Q. I have been feeding the hummingbirds and getting so much enjoyment out of that. I don’t have a lot of room to plant flowers to augment their diets with “natural nectar” blooming plants, but do have a couple of barrels that I want to designate with plants that will offer the hummers a more varied diet. Would you please offer suggestions on a couple of plants that I can grow in the barrels, since space is a major factor in my world? – H.H., Albuquerque
A. Two plants come to mind easily that would grow in your barrels and wear the trumpet-shaped blooms that hummers require to feed from.
First consider an herb called pineapple sage (Salvia elegans). It’s defined in my bible, Sunset magazine’s “Western Garden Book,” as a perennial herb, but I’ve never had mine winter over planted in the pots I have.
The pineapple sage offers long, light-green colored leaves worn on a tightly clumping small bush, that when you stroke or “pet” them emit a strong scent of pineapple. You are supposed to be able to harvest the leaves to use them in cooking or flavoring drinks, but it’s the bloom that I grow them for.
The plant will throw up longish bloom stalks that wear long, bright red-coral trumpet-shaped blooms that “my” hummers seem to really enjoy dipping their beaks into. As soon as the bloom stalk is finished, I cut them cleanly off the mother plant and soon, as long as the conditions are right, it throws up yet another bloom stalk offering the natural nectar you and your hummers are looking for.
Next will be hyssop (Agastache). These perennial lovelies will grow in a barrel-sized environment.
My favorite is a named variety of Agastache, licorice mint hyssop, that I’ve found on High Country Gardens website. I’m confident that you can find several hyssops available at nurseries around town fairly easily.
What I enjoy about the licorice mint variety is the smell of the foliage when you disturb it. Run your hand over a clump of the hyssop and come away with a palm of strong sort of minty licorice smell that will have you smelling your palm for hours.
The blooms are the trumpet shape that hummers covet. The flowers are a nifty orange-coral-grey color that pop in a garden. A healthy licorice mint hyssop will bloom nearly continually from July until late September easily offering lots of feeding stations for your hummers.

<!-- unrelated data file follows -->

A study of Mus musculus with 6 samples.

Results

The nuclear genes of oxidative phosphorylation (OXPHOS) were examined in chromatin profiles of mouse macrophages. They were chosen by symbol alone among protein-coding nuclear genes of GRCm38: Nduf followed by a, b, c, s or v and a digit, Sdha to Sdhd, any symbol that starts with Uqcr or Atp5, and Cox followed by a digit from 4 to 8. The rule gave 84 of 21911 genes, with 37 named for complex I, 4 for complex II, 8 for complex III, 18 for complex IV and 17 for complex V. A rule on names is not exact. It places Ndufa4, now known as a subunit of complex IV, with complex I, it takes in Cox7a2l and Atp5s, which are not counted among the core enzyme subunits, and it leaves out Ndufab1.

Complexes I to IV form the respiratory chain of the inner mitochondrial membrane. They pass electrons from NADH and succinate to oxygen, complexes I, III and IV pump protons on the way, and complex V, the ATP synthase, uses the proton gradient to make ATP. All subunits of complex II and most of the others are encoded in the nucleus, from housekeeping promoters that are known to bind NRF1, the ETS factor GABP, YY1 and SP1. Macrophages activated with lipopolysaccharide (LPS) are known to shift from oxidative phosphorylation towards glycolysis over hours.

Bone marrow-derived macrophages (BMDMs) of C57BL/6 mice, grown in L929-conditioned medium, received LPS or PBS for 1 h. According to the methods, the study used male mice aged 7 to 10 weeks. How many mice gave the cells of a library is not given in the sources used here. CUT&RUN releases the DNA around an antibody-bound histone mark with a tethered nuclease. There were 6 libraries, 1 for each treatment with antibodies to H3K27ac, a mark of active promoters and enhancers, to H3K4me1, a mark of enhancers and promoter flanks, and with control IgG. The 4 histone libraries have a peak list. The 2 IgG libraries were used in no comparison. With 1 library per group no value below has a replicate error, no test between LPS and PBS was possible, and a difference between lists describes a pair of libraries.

Don’t forget the zauschneria, or hummingbird plant, either. A good sized mound of the zauschneria blooming in a barrel will be appreciated by most any hummingbird.
Now I wouldn’t plant the hyssop or the zauschneria in any container smaller than a barrel and expect them to thrive. They do best with ample room to grow.
So there’s a few plants to consider growing in your barrels to help your hummers have a varied and healthy diet. I’m confident that by strolling through a nursery, you could find several additional plants, and perhaps even find a section dedicated to plants that offer you choices galore to choose from. Good on you for making the effort to tend to you hummers.
Q. I always enjoy pots of petunias on my patio planted in patriotic colors, red, white and blue each summer. This year it seems my plants and flower buds are all chewed up! I find small, lumpy black stuff on some of the leaves but don’t find any sort of bug. What’s going on with my usually cheerful pots of petunias? – H.W., Albuquerque
A. It’s your description of “small, lumpy black stuff” that confirms my diagnosis of your plants having a bunch of budworms living happily on your petunias.
The “lumpy” stuff is actually the poop left by the worms as they eat and enjoy the leaves, and especially the buds, of the plants. I doubt that you’ll ever see the creatures as they are great at camouflaging themselves on the plants. If you do find them, they are very small and green-colored (the same color as the leaves), so they are easily missed with visual inspection.
In order to get rid of them I’ll suggest debudding the petunias completely and then, at dusk, spray with a pesticide of insecticidal soap. But you need to spray at dusk because this pesticide degrades very rapidly in sunlight and you want the pesticide “fresh” when the budworms come out to feed at night. Spray every couple of evenings apart, three to four times. That way you’ll get a good hunt, so to speak.
Then when the petunias reset their next set of blooms, they should be worm-free, giving you weeks and weeks of color-filled pots.
You can win the budworm war as long as you debud first and spray to get a good hunt.
Happy Diggin’ In this Fourth of July weekend.
Tracey Fitzgibbon is a certified nurseryman. Send garden-related questions to Digging In, Albuquerque Journal, 7777 Jefferson NE, Albuquerque, NM 87109, or to email@example.com.